Juliana Baggott wrote a smart and calm defense of the Osama bin Laden death celebration for NPR last week. Americans should be free to release their fear, she contends: their cheering shows they are paying attention, are emotionally invested, and are participating in an act of unity.
She didn’t convince me, but she helped me pause and simplify.
The death celebrations didn’t sit right with me, but I have been reluctant to reach for some mighty principle—a Thou Shalt Not—to justify my discomfort. Ethical territory is equally trampled by the unethical in their harvest of justifications.
This issue seems much simpler than all that. Two events this week that helped me clarify it:
First, some skinheads who live near me taped the front page of the Chicago Tribune on the front door, with Osama bin Laden’s face portrayed above the word “DEAD.”
In a neighborhood with a history of racial violence, this struck me as not just a celebration, but a warning.
The national-violent act of killing the hated bin Laden vindicates violence and hate to these skinheads—I’ve grappled with them enough to feel certain of that.
They tend to expend their violence on each other—one of them beat another unconscious on the sidewalk during a Christening party last week—but their violence always has the potential to align with their hate.
That’s what we’re always waiting for.
Their hate is directed at anyone who is different: in color, in thought, in lifestyle. On those grounds, it’s easily redirected from Osama to Obama.
Hitler may be overused in arguments, but living, breathing Nazis still shine a useful light on nationalism, on the dark side of the “unity” Baggott sees as a virtue. If celebrating bin Laden’s death makes Nazi-Americans feel fearless and unified, it should give us pause.
Second, I came upon live lobsters at the local grocery store, their claws bound with thick rubber bands. They were not under water. They were piled atop each other in a styrofoam cooler.
I was startled first by the obvious fact of their suffering, and by the imagined horrors of their journey from their octopus gardens to this dreary dry box under fluorescent lights, a thousand miles from any ocean.
I was struck harder by the fact that no one else seemed struck.
Shoppers continued filling their baskets with bread and eggs and cheese while these animals suffered nearby, struggling weakly, dimly anticipating their fate—likely slow asphyxiation or immersion in boiling water.
Those unseeing, unfeeling shoppers are normal. The ones who see and feel, who let shopping be interrupted by empathic identification with lobsters, are the odd ones.
This is especially true when it comes to the suffering of useful animals—animals we think we need for food or clothing or other products. Those of us who can dismiss their suffering, laugh it off or simply not feel it, are considered normal—even necessary.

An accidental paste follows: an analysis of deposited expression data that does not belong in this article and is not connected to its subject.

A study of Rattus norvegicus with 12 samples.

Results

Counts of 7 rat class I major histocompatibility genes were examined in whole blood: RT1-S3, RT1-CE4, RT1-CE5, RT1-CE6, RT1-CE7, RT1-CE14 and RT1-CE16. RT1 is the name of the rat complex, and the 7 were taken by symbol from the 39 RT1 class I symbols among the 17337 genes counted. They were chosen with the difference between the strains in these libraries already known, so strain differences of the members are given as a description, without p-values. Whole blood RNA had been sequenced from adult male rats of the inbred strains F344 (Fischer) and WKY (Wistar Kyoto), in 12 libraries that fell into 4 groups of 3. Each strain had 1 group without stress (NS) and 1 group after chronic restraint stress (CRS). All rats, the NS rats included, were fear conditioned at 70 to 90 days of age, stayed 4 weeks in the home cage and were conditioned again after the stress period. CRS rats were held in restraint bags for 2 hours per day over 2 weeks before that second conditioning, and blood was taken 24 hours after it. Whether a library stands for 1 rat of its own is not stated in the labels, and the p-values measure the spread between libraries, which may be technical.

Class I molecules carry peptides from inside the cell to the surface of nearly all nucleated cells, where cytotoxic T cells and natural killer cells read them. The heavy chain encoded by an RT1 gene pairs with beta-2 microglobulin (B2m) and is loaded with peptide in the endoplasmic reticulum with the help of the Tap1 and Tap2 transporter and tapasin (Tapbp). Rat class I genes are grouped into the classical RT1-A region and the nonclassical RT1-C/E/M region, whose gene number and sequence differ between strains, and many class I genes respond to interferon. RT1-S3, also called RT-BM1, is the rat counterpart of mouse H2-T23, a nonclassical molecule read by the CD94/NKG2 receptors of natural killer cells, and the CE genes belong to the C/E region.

Nonetheless I’m convinced that the odd humans who empathize carry the torch for the hopes of humanity. Can I compliment better a class in which I have placed myself ? I think I can: their hearts shelter our dreams like a seed in a safe.
But I’ll let my betters explain that point, so I can get to mine:
However violently Osama bin Laden may have acted, celebrating his death requires the silencing of our own empathy.
Empathy is a noble gas. We can’t attach political complexities to it—when we designate one person worthy of empathy, another unworthy—what we’re really doing is switching empathy on or off, heeding it or silencing it.
And what all acts of violence have in common—all acts of violence—is the silencing of empathy.
When Obama killed Osama, he first felt no empathy. When Osama attacked the towers, he first felt no empathy. When Hitler tried to exterminate the Jews, he first felt no empathy. When Europeans slaughtered American Indians, they first felt no empathy. When the Catholics tortured heretics, they first felt no empathy. When Romans threw Catholics to the lions…
The most vile horrors perpetuated by human beings always begin with the silencing of empathy. That switch is the the source of all our worst. And it’s also flipped for “moral killings,” for killings deemed necessary.
Whether a bullet into the eye or a plane into the tower, whether against each other or against animals—violence always begins with the silencing of empathy.
So that’s the ground on which we must fight violence.
That’s why it makes no sense to me to silence our own empathy to celebrate. Empathy is what we need, more than anything, to cultivate, and we know—too well—what happens when we silence it.
This post began as a comment on an earlier post by Annie Murphy, and then became too long for that. And I should note that the topic of Osama bin Laden’s demise has been tackled with much more alacrity and grace in these pages by Annie and by Amanda Leigh Lichtenstein.